These intelligent birds have plenty to talk about
The Carolina chickadee can be found from Delaware to Florida and west to Texas.
     Chickadees are a group of small but vocal birds that have learned to adapt to living around humans. They are highly intelligent and have a considerable vocabulary — among themselves. Even other animals rely on them for danger alerts as their raspy alarm can be heard for a considerable distance.
    However, they also can be quick to complain. They follow me around the woods, telling all the other animals where I am. Around my yard they complain when the feeder levels are low.
    All chickadees feed mostly on insects in the summer and seeds in the winter. They nest in hollowed areas in trees and love using animal hair to line the nest.
    They mate for life and usually have one brood a year. Thus they are very attentive to their offspring.
    You’ll see them year-round, for they do not migrate but will cluster in a foraging group consisting of pairs of adults and the associated offspring.
    Two species live in our area: the Carolina chickadee and the black-capped chickadee. The two look alike except that the black-capped has more white on the wings and a shorter tail. The call of the black-capped is less complex than the Carolina’s. The Carolina chickadee lives in lower coastal areas from Delaware to Florida and west to Texas. The black-capped chickadee lives in the mountainous area of western Maryland up to Canada. I have found them very common in Maine.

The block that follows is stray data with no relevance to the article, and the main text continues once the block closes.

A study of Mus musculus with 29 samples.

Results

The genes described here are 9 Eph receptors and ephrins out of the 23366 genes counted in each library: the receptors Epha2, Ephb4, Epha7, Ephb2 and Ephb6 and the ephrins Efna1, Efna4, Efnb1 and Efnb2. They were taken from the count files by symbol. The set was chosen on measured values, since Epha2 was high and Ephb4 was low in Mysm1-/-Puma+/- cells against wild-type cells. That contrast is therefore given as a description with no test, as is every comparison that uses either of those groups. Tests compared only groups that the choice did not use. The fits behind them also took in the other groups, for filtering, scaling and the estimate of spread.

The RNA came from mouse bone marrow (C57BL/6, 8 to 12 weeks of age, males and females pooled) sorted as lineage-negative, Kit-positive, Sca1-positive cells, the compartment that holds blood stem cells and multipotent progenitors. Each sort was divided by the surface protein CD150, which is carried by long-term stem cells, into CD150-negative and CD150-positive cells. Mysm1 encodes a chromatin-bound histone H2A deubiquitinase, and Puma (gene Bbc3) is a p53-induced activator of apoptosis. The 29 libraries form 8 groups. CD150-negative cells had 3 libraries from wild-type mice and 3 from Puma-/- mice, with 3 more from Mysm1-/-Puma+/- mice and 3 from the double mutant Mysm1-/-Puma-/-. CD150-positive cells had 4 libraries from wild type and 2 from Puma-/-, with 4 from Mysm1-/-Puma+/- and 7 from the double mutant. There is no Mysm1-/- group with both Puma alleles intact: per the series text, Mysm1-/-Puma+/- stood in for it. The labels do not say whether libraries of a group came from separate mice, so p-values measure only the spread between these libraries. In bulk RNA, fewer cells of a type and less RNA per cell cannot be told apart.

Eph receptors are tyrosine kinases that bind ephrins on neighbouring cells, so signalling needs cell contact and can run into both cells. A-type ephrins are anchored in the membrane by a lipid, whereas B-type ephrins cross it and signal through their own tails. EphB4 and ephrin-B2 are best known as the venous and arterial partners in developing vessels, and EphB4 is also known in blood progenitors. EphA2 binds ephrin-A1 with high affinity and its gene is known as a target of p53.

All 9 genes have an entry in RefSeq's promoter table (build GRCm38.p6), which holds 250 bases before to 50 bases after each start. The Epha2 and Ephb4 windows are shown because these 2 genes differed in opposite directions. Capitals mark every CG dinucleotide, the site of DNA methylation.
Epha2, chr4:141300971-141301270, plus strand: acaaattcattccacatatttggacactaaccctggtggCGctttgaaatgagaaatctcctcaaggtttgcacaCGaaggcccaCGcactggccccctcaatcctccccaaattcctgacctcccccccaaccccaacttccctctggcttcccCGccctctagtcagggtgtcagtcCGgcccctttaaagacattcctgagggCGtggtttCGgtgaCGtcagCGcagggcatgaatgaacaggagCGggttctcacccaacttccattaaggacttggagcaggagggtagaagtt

The non-local mountain chickadee is the only one that has suffered a serious decline in its population. Since 1968 its population has declined by 51 percent, likely due to deforestation.
    These intelligent birds can live above 12,000 feet in western mountains because they have a remarkable spatial memory. They feed on insects all summer, while gathering and hiding seeds. In the winter, the little birds survive because they remember where some 10,000 seeds are hidden.
    Few other birds stay around for the harsh conditions of mountain winter.